Is There an Audiobook or E-Book of The Catcher in the Rye?

Has Holden Caulfield Gone Digital?

The Catcher in the Rye book cover
Little Brown & Co.

The pervasiveness of smartphones and tablets has helped to make audiobooks and e-books popular choices for readers. However, this doesn’t mean that all books are available in digital formats. Older books—even highly popular ones—are much less likely to be made into e-book or audiobooks. Case in point: "The Catcher in the Rye" has been in print since the early 1950s, but where are the digital versions?

History of "The Catcher in the Rye"

J. D. Salinger's "The Catcher in the Rye," was published in 1951 by Little, Brown, and Company. While a perennial favorite in many a high-school English class, it's also one of the most challenged books of all time. The book's language and content have caused controversies since it first hit the shelves. Even so, this poignant coming-of-age tale has been considered a must-read among teens for decades.

Copyright and the Estate of J.D. Salinger

Because "The Catcher in the Rye" is still under copyright, the estate of J.D. Salinger maintains tightly controlled protection of his controversial novel. Currently, there's still no commercially available audiobook or e-book versions of "The Catcher in the Rye." It's unlikely that any of Salinger's books will be turned into e-books or audiobooks any time soon.

The author was well known for fiercely protecting his copyright and following his death, Salinger's wife, Colleen O'Neill Zakrzeski Salinger, and son, Matt, became the executors of his estate. Requests for adaptations and derivatives have been routinely rejected. As e-books are often subject to digital piracy, it's theorized that the family wants to avoid such thefts.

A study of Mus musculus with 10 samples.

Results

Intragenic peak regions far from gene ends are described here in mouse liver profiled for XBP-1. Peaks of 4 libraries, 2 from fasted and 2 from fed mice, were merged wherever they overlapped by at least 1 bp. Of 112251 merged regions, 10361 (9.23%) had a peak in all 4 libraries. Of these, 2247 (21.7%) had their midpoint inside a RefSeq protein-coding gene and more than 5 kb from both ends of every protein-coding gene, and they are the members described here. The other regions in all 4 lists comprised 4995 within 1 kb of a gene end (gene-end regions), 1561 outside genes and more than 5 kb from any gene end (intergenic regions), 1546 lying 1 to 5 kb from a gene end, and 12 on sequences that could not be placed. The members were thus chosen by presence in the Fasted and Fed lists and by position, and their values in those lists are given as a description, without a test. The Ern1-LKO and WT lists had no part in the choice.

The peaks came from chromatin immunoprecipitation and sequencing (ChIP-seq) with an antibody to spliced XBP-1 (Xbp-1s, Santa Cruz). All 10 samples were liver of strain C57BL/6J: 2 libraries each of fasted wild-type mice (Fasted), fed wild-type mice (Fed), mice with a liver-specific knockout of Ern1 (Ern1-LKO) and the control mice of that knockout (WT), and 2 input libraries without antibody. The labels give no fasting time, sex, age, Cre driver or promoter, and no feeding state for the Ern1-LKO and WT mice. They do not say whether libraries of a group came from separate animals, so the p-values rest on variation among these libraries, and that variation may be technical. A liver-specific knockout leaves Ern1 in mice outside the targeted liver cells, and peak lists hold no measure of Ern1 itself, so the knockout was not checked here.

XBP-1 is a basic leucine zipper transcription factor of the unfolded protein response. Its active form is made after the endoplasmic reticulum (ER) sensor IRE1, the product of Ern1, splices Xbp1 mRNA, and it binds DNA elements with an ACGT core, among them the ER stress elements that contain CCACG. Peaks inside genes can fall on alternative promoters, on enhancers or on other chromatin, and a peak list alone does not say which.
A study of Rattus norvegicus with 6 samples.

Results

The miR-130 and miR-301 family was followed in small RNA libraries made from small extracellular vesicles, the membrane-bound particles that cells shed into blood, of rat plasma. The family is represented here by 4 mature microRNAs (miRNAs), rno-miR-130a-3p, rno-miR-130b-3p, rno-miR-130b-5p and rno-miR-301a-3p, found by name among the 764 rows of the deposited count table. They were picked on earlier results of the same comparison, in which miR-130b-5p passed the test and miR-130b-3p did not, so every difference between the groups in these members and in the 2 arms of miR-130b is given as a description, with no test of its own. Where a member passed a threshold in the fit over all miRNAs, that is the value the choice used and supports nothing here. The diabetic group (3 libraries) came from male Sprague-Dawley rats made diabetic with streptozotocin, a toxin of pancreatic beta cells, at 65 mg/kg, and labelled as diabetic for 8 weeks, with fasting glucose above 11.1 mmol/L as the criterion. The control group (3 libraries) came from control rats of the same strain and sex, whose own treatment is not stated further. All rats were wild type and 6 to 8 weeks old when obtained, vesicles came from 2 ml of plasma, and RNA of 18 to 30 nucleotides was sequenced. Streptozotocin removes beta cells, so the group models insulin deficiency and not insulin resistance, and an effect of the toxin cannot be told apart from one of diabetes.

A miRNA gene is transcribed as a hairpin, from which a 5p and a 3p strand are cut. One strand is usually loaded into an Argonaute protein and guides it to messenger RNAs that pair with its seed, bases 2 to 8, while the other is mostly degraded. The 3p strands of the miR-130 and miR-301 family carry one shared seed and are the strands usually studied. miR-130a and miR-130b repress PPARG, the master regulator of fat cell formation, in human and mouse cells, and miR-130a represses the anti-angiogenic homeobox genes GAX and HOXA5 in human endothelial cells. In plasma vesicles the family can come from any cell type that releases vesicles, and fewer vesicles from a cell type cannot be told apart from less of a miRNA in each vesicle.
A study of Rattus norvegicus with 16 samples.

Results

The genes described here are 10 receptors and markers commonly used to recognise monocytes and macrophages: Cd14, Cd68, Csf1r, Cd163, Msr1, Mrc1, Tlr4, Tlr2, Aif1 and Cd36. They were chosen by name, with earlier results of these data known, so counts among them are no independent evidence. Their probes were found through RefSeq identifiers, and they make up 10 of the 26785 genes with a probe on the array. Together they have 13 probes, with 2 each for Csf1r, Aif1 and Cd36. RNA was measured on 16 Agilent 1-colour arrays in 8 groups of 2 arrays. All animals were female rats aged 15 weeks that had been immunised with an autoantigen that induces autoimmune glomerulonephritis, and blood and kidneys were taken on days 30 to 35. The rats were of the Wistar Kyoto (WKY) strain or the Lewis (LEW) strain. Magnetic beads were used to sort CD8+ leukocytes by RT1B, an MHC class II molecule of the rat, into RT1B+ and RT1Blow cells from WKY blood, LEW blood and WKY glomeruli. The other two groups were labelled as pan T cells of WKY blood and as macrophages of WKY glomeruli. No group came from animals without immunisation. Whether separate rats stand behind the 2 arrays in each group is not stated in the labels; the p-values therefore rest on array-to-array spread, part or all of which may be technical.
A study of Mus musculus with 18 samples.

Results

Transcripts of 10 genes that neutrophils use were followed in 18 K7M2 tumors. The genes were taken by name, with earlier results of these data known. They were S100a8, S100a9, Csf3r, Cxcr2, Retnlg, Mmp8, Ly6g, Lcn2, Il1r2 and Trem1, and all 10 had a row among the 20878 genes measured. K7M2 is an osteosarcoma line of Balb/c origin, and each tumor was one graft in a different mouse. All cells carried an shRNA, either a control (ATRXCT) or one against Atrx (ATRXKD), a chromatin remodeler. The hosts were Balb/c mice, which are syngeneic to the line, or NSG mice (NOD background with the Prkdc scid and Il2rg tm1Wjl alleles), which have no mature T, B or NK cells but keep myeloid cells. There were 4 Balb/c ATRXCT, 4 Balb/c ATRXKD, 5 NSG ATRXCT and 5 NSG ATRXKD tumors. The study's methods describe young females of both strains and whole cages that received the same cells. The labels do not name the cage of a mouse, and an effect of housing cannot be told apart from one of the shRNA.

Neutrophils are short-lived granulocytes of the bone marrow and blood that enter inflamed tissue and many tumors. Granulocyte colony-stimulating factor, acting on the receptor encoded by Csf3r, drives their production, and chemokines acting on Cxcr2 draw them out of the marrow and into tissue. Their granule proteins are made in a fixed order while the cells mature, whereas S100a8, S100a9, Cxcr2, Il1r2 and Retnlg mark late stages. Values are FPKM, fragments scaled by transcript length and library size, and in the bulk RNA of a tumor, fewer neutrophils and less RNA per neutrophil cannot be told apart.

An Audio Library Version Is Available

Fortunately, an audio library version is available (first recorded in 1970 and then re-recorded in 1999), according to the Washington Examiner. This version can be accessed via library devices, which play at a different speed than standard devices. It’s an intriguing discovery that offers a unique perspective on Salinger's most famous work. You can listen to Holden Caulfield's voice in the version offered up by longtime National Library Service narrator Ray Hagen, which may be the only one associated with Holden Caulfield in audiobook format.

Salinger's Works Reach Public Domain in 2080

Books that were written prior to the early 2000s simply did not have contract language that allowed for the creation of things like e-books because they didn’t exist at the time. This, unfortunately, means that many books cannot legally be made into e-books or audiobooks until they become public domain. Copyright law states that authors maintain their copyright for their life plus 70 years. J.D. Salinger passed away on January 27, 2010, which means that "The Catcher in the Rye" and the author's other works won't enter the public domain until 2080.